Sleuthing SFU scientists sniff out fake art

February 16, 2023

Deep within Simon Fraser University’s chemistry department, science and art intersect to unravel the dark, but lucrative, underbelly of forgery.

Art forgery is a multi-million-dollar problem in the art world as galleries and collectors snap up what they think are legitimate pieces of work linked to famous painters and their circles.

While they look identical to the naked eye, peering at the fakes on a nano and micro scale can betray even the most seasoned con artist.

“In looking at forgeries, it really comes down to the fingerprinting, the chemistry behind it,” says chemistry professor Byron Gates. “The elements that compose the ink, frame, or canvas, and all the materials underneath will define their signature.”

Gates has partnered with fellow chemistry teaching professor Nabyl Merbouh to create a project that trains students to use forensic equipment, such as electron microscopy, energy-dispersive X-ray spectroscopy, and X-ray florescence spectroscopy instruments, to investigate works of art down to the single molecule scale.

“We’re employing a range of really exciting techniques,” says Gates. “One of these tools is the same type of tool used by forensic investigators to diagnose gunpowder residue. This tool can provide a very sensitive measurement of the elemental composition of a sample using non-destructive methods.

“As you delve into the composition of the inks, there are certain elements that are banned now because they are toxic that you won’t find in paints today. But you would find them in historical paintings. Even though it looks the same, the fingerprint behind it – a shade of pink or a shade of white – it’s really not the same underneath.”

A trained analytical scientist will be able to quickly notice that the compounds that make up a paint sample don’t match those of certain eras and locations.

The metals used in frames, the materials that make up a canvas and even stray fabrics shed from an artist’s frock that get stuck in the paint can be dead giveaways of a forgery to the expert eye.


For Merbouh, the intersection of art and science has long been a passion.

“This project actually started a solid 20-25 years ago when I was a young student,” he says. “My first scientific advisor started the renovation laboratory in one of the museums in my French university. That’s how my love of analytical chemistry toward the arts started.”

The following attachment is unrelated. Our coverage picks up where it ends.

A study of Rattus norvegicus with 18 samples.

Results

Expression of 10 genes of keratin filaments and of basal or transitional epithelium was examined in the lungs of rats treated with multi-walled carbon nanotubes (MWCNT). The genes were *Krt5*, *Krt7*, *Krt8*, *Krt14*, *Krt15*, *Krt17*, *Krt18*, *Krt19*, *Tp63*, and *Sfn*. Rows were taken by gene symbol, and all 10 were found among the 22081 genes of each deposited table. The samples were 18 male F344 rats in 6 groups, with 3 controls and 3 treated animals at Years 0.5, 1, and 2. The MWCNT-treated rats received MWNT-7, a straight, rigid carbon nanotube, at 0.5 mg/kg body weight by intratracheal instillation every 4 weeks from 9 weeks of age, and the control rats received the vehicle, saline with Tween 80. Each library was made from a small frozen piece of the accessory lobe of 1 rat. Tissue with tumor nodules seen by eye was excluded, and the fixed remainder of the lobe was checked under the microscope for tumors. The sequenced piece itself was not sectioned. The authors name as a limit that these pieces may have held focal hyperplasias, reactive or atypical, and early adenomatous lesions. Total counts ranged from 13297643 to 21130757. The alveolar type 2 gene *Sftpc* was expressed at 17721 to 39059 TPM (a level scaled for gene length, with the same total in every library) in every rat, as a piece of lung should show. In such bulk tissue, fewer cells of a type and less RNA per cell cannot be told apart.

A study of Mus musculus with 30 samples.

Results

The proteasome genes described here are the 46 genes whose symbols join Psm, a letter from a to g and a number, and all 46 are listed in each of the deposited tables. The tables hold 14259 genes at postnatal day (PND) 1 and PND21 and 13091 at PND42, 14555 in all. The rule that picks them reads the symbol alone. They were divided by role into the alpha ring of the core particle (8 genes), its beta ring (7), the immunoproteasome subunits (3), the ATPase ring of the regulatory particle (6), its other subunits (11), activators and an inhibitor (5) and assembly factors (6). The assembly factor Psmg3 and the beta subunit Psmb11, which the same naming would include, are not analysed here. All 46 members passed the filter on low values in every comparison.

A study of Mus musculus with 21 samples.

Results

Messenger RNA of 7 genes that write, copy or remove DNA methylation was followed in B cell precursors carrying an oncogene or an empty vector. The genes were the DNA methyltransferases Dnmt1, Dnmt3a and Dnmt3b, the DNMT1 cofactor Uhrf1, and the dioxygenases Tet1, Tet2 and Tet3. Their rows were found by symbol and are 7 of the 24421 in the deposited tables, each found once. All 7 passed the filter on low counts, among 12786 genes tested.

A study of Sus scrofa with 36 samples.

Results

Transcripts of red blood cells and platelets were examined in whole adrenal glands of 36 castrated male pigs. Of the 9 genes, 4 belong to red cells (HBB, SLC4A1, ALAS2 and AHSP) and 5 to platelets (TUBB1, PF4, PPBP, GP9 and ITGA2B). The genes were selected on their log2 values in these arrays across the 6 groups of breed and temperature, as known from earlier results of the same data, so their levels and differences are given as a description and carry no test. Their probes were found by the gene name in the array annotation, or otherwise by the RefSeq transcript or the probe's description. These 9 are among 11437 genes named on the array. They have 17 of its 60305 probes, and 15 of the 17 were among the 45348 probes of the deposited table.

Merbouh has tapped local artists to help provide students with era-accurate samples and modern recreations to help hone their analytical and investigative skills.

“We’re teaching students more than 20 different types of analytical methods and technologies by the time they’re finished with the curriculum at SFU,” says Merbouh. “What’s interesting for them is to actually look at the application of these in the real world. Why not the art world?”


While a student’s goal is to identify the signs of a fake work of art, Merbouh and Gates said the skills and equipment used in the project would set them up for a vast spectrum of career opportunities as an analytical scientist, including art restoration, forensic investigation, quality control and agri-tech.

“The world is your oyster, in terms of jobs,” Gates says.

Undergraduate student Liam Johnson is currently helping Gates and Merbouh develop these techniques and contributing to related research that’s underway as part of the project.

Like most of us, Johnson says he doesn’t have the ability to spot a masterful forgery at first glance.
But that changes when he’s able to put it under the microscope.

“We’re taking these high-end instruments and saying, ‘Hey, the white in paints nowadays primarily arises from titanium oxide.’ But if you look at a lot of these older art pieces, they used lead-based paints to achieve a white hue,” he explains. “So if you find a piece of work where the paint contains titanium and you know the original artist wouldn’t have had access to that kind of paint, there’s something suspicious.”

Learning how to discern between a Malevich and a malicious knock-off has been a rewarding experience for Johnson.

“It’s been really cool,” says Johnson. “I’ve spent the past four years learning about all these analytical techniques and the scientific method, but now I’m actually implementing this learning myself and am involved in the research. It’s been an amazing experience and it’s definitely something I’m thankful I’ve gotten involved in.”